Sun Jan 4 8.15 p.m. [1942]

Roy’s 21st Birthday. He is at home on leave. We have sent him 10/0 and suggested if he has not already got them that he buys cuff-links. Ron wears them so presume Roy does. Jean took the note on her way to S[unday] S[chool]. We were at the Brown’s for dinner. We had roast chicken with sprouts and potatoes bread sauce and parsley stuffing, but she forgot the sausage meat stuffing and did not bother to cook bacon with it. The potatoes were not mashed and did not look very nice tho’ they tasted alright. We ate it with new stainless knives (sharp too) and had solid silver forks and spoons, afterwards we had Xmas pudding good, but no better, if as good as ours. She gave us no water with it and did not make tea after dinner. It was a beautiful dinner, but she does not bother with details tho’ we know she knows how things should be done. One feels rather as if she thought “It will do for them”. Father and Mr B. went to sleep after and I got a tickling cough so about 2.30 she made a cup of tea in a beaker and gave me a cup and drank hers out of the beaker. Then she washed up refusing help except that I dried the silver when she brought it to me. After that she washed and changed her dress. She looks very nice when dressed. Mr B. is looking well and appears much better than he was a year ago, but I don’t think she realises that he is an old man.

Rene went to the W.V.S Party and enjoyed it, was only 4 below the highest number at Whist. We have not seen her to-day, at least to speak to. I just caught a glimpse of her going past Ways-Meet in the afternoon, on her way to Wigg Lane probably. Jean enjoyed her S.S. Party last night. She had a Bible for prize. A nice limp cover brown one with very clear print. Also sweets and choc. She brought Flora’s prize and sweets as F had a cold and could not go. She took them this morning. Mrs Brown gave Jean the stool made by a blind woman, that she never uses, for a piano stool. It was a good thing it was dark as Sunday or no Jean carried it home. It will make an excellent little tea table with a tray on or to play cards near the fire as well as a piano stool. Have not seen our little cat to-day. It turned from a wet morning to a sunshiny day which was very cheerful as Mrs B’s room catches all the sun.

Wonder if Ron has had a nice week-end at Yeadon. I wrote to him last night and posted it to-day. Robinson’s have heard from Malcolm this week, a few lines (the first for 8 weeks) written on the sea. He had been very sick, but was better and longing to hear from home. As he was moving about he had missed the last two sent while he was in England. I hope they soon get in touch again, it is a little easier all round when the letters are regular. Some new regulations about “one man, one job” having come into force, Mr Bailey has to cease being relief man at the C.G box. As he is out of work he has to go to Leicester on Tue. to work at his own trade. Not very nice for his wife or for him, as he suffers so with asthma. This wicked war lays ruthless hands on everyone. Our E. light nearly went out then, hope it does not mean “sirens are wailing”. I always wonder, tho’ I don’t really think that is why the light dips. We left B’s at 7.45 as Father went on watch at 8 p.m. Fire had not gone out and soon burnt up. Jean and I had supper when I made tea for flask tho’ not very hungry. Father took Mr Bailey an Ephedrine bottle and 2 tabs as he wants to get some. Dr. had given him a doz. and they had done him good. Don’t think there is any cure in them but they relieve the spasms of asthma and loosen the phlegm. Father has a cold and a bit of bronchitis. Don’t think Chapel is very well blacked-out as chinks and holes in blk-outs let out little rays of light all over the place. Soldiers billets are the worst. At St. Leon. Lodge a hole in the blind let a ray of light thro’ which shone right across the road on to Parrishes garden hedge. The big windows there have huge holes in their panes of glass. It is unnecessary damage I think.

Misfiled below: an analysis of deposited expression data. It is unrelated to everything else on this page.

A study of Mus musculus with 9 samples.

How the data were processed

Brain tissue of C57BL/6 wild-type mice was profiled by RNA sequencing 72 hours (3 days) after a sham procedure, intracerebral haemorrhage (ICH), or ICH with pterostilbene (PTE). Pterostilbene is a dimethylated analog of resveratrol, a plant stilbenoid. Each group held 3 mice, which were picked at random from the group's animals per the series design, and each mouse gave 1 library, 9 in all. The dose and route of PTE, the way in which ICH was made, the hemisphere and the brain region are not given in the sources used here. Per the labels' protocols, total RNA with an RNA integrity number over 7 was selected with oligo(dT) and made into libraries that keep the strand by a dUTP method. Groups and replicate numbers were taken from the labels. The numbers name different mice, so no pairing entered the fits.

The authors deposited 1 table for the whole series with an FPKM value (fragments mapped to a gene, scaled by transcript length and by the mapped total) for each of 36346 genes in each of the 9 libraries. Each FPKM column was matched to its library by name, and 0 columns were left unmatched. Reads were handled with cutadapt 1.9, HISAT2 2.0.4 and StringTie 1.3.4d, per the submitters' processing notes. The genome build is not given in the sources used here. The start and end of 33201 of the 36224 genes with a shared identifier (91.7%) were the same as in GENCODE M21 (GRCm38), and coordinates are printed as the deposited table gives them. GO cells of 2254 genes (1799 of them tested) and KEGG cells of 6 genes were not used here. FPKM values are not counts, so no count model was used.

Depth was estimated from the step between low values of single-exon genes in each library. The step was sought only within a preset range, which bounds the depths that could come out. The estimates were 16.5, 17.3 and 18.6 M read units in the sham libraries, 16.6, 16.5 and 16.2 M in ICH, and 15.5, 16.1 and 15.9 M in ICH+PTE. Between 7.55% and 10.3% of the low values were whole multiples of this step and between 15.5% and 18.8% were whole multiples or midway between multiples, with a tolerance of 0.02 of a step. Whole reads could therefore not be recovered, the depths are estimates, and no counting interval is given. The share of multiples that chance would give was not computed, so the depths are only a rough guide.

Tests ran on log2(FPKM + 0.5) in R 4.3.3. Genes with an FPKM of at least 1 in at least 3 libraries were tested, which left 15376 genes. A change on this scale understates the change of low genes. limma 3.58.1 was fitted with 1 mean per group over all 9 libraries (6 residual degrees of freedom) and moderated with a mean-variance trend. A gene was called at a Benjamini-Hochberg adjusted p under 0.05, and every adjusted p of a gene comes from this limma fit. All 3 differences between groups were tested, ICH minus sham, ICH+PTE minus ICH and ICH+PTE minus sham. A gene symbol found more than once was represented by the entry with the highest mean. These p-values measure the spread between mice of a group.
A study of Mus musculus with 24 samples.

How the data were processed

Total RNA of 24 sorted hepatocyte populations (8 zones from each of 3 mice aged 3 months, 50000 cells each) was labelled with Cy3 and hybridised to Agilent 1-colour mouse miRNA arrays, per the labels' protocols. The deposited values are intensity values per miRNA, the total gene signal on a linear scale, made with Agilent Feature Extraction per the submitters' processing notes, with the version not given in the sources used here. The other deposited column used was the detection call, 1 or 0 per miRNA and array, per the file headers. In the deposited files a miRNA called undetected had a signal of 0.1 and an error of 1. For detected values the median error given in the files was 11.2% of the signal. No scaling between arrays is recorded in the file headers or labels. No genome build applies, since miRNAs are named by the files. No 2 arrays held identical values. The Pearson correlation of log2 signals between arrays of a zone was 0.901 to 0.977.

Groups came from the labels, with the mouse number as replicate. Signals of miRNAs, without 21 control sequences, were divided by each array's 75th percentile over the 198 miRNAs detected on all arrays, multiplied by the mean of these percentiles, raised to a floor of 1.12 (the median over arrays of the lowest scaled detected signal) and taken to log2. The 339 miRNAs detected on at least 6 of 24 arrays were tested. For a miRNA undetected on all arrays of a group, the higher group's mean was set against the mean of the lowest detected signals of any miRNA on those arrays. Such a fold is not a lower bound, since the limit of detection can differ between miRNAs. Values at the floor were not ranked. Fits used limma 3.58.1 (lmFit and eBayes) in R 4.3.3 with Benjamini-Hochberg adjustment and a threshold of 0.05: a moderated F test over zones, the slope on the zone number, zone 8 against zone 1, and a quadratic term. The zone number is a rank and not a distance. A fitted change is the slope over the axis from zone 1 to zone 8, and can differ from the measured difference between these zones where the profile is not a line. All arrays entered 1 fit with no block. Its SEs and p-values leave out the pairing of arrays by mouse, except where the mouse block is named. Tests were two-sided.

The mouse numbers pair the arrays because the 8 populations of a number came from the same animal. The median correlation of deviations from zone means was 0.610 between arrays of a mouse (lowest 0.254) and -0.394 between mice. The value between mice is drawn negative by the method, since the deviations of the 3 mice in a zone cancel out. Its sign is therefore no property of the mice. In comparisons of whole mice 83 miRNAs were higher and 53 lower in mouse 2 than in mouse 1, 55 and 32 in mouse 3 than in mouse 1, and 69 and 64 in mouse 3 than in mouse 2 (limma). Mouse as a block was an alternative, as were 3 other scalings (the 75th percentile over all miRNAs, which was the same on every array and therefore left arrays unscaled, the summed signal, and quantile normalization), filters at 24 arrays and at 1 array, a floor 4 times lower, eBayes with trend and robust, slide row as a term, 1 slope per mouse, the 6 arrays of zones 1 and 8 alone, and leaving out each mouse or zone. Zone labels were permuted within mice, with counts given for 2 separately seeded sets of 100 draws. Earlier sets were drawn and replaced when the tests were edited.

Bardia is in our hands again and about 7000 prisoners 1000 of which are Ger. We have also released over 1000 Brit. prisoners. News from Far East rather more encouraging tonight, tho’ Hong-Kong fell some days ago. Also Manila is in Jap. hands. Wind seems to be rising and sea is almost or quite up to bank, think perhaps the tide is ebbing now tho’ as it does not bump so much.

‘Waysmeet’ was the name of Mrs Dandison’s (see 11 Apr. 1941) boarding-house near the crossroads at Tylers Bridge (see Village Map).

St Leonards Lodge was on St Leonards Drive, not far from ‘The Point’.

The Japanese had invaded Hong Kong after first attacking it on 8th December 1941 (hours after ‘Pearl Harbour’) and the British-Canadian garrison surrendered on 25th December1941. This day is known in Hong Kong as ‘Black Christmas’.

The Philippines (a Commonwealth, formerly US territory) had been invaded by the Japanese in early December 1941 and Manila, the capital, was occupied on 1st January 1942 when US defence forces retreated to defensive positions elsewhere in the territory.

Have you read an introduction to May Hill & family (includes photographs) and explored ‘The Casualties Were Small’?